Power factor (PF) is defined as the ratio of the real power to the apparent power in an electrical system. The so-called real power is related to the effective energy that can be transformed into work in a certain interval of time. Since in alternating current (AC) circuits the instantaneous current and voltage vary continuously, the active power is calculated as the average value of power as a function of time over a complete AC cycle. The apparent power is simply the product of the RMS value of the current and the RMS value of the voltage of the circuit. It is a combination of active and reactive power. The reactive power is a function of the reactance of a circuit.
Electrical systems usually consist of some combination of resistive, inductive, and capacitive loads. Ideally, inductors and capacitors do not dissipate energy, but they store energy and return it back to the source. This back and forth energy flow places a heavier load on the utility. Inductive loads are mainly represented by transformers, motors, and coils, and consume (reactive) power by delaying the current in relation to the voltage waveform. Capacitive loads such as capacitor banks or buried cables generate reactive power where the voltage waveform phase is delayed in relation to the current waveform phase. The power factor is 1 if both current and voltage waveforms are sinusoidal and in phase.
Power Factor Correction
Low power factor (PF) causes power losses in the distribution system. Some procedures can keep the PF of an industrial electrical system at an acceptable level such as: (i) minimize operation of lightly loaded motors, (ii) operate equipment in their rated voltage and (iii) install capacitors to decrease reactive power in AC circuits. Some specific types of circuits can also be used to increase the PF of a system. Silicon controlled rectifier (SCR) or TRIACs are used in phase-controlled power supplies to control the phase of the input signal, which is filtered by an LC-type filter.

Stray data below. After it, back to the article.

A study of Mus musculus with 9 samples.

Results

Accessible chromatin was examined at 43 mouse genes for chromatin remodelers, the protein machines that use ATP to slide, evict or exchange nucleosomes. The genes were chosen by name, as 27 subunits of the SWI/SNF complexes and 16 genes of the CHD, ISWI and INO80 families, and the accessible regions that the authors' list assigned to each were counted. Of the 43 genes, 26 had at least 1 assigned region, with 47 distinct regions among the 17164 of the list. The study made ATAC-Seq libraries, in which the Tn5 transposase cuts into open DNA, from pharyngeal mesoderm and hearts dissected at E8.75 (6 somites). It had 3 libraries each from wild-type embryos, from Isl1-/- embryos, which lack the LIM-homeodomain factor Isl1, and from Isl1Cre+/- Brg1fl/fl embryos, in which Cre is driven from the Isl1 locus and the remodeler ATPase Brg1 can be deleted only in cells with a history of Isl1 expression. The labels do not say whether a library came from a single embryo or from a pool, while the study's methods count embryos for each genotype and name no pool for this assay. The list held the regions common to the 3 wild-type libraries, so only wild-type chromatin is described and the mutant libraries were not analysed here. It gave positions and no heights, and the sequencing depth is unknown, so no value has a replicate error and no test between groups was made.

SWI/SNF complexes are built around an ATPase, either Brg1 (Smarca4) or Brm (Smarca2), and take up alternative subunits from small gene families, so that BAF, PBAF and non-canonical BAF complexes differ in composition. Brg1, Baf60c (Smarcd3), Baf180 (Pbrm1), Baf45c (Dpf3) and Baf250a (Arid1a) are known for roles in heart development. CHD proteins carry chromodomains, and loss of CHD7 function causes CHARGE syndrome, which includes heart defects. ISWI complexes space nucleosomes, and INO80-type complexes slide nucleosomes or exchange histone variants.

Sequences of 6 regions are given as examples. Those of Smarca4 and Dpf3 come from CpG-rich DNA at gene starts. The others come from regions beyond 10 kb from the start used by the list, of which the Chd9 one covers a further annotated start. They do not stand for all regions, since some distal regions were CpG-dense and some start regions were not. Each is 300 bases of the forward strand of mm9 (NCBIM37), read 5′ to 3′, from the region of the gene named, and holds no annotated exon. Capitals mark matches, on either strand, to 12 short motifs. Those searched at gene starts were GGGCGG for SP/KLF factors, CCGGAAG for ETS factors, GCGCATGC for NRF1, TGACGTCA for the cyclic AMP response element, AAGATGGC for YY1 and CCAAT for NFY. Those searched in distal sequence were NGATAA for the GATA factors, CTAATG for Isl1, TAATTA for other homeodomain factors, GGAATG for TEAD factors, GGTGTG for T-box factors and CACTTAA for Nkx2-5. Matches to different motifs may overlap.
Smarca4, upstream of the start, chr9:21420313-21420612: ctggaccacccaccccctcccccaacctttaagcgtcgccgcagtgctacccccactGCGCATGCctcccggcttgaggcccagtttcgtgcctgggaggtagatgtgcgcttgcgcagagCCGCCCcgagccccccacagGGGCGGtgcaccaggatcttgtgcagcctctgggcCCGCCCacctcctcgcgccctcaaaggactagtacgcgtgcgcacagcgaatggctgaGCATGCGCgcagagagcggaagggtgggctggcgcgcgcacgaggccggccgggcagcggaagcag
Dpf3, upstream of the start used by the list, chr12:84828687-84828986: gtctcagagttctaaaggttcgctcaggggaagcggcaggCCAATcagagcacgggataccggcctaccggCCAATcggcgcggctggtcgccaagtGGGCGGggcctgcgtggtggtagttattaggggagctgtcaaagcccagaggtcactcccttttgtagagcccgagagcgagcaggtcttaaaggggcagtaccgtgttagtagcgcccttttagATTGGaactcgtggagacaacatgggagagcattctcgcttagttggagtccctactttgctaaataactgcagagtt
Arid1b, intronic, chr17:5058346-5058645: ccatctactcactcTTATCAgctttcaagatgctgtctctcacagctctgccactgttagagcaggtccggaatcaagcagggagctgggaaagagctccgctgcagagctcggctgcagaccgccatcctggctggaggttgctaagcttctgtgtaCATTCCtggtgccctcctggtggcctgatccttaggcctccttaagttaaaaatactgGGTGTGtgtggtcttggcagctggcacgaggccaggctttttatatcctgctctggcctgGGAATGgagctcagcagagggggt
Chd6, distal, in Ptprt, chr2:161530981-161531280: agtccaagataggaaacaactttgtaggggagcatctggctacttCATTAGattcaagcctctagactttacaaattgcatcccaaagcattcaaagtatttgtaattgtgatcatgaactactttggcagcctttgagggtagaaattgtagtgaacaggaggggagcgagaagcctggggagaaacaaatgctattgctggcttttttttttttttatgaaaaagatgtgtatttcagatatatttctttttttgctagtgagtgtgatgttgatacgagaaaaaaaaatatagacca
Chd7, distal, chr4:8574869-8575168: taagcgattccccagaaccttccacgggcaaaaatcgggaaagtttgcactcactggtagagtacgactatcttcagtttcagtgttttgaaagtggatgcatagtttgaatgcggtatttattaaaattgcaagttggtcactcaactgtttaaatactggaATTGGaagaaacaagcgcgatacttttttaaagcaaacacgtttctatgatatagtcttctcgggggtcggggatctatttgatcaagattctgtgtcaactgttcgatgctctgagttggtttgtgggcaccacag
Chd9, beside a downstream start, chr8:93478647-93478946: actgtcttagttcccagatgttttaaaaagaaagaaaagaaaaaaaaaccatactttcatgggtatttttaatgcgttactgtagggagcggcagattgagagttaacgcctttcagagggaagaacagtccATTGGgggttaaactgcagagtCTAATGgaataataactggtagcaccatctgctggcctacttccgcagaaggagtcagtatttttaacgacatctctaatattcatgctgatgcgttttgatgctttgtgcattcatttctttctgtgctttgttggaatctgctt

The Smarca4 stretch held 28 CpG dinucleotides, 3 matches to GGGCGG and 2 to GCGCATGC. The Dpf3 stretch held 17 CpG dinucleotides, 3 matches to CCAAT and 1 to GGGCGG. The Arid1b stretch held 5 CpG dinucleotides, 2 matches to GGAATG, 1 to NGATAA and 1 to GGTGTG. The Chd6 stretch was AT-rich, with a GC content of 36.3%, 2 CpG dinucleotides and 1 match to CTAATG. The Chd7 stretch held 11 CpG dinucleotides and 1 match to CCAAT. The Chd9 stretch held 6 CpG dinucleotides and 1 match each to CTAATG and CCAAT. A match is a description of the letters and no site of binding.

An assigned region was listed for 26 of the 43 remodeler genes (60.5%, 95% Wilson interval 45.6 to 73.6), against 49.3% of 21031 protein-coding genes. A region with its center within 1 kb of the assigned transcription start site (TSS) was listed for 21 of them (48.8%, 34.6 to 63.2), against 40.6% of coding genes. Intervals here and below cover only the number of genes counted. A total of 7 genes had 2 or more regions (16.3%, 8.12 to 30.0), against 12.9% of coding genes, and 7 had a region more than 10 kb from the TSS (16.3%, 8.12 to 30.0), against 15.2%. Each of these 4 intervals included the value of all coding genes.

One of the most used PF correction circuits in today’s power supplies consists of a switched-mode boost converter placed between the input rectifier and the storage capacitor. An integrated circuit (IC) controls the converter in order to make the input current match the input voltage waveform. A typical switched-mode power supply (SMPS) without PF correction has a PF around 0.6. The low PF along with harmonics reduces the energy that can be provided to the loads.
Boost Converter. The use of a boost preconverter with a voltage higher than the input voltage can help avoid harmonic emissions. Boost converters are used for PF correction in discontinuous and continuous modes. When used in a discontinuous mode, the transistor (MOSFET) is turned on when the inductor current reaches zero and turned off when it meets a certain reference. This causes the input current to follow the input voltage waveform and the PF to get close to 1. On the other hand, when the power level of a switched-mode power supply is greater than 300W, a boost converter operating in continuous mode is typically used. In this case, the current in the energy transfer inductor never reaches zero. Although boost-converters are better than other types of converters when applied to PF correction, their appropriate operation is only possible if the output voltage is higher than its input voltage.
Buck-Boost Converter. This topology is limited to few applications, since it presents reverse output voltage polarity and needs a floating driver for the power switch.
Flyback Converter. Flyback converters are commonly used for low power applications and are able to provide isolation and short-circuit protection with a single controllable switch. A MOSFET is used with dynamic control over the switch duty ratio to keep the output voltage at the desired level. In the discontinuous mode, the flyback converter operates by using a constant on-time control and a power factor equals to 1 can be achieved. In the continuous mode a charge control can be applied to the converter in order to achieve a unity PF.
Tang, W. et al, “Power Factor Correction with Flyback Converter Employing Charge Control”, APEC Conf. Proc. (1993): 293-298.
Wei, H., Batarseh, I., “Comparison of Basic Converter Topologies for Power Factor Correction”, Proceedings IEEE Southeastcon (1998): 348-353.
“Power Factor Correction (PFC) Handbook”, ON Semiconductor, Rev. 4 (2011).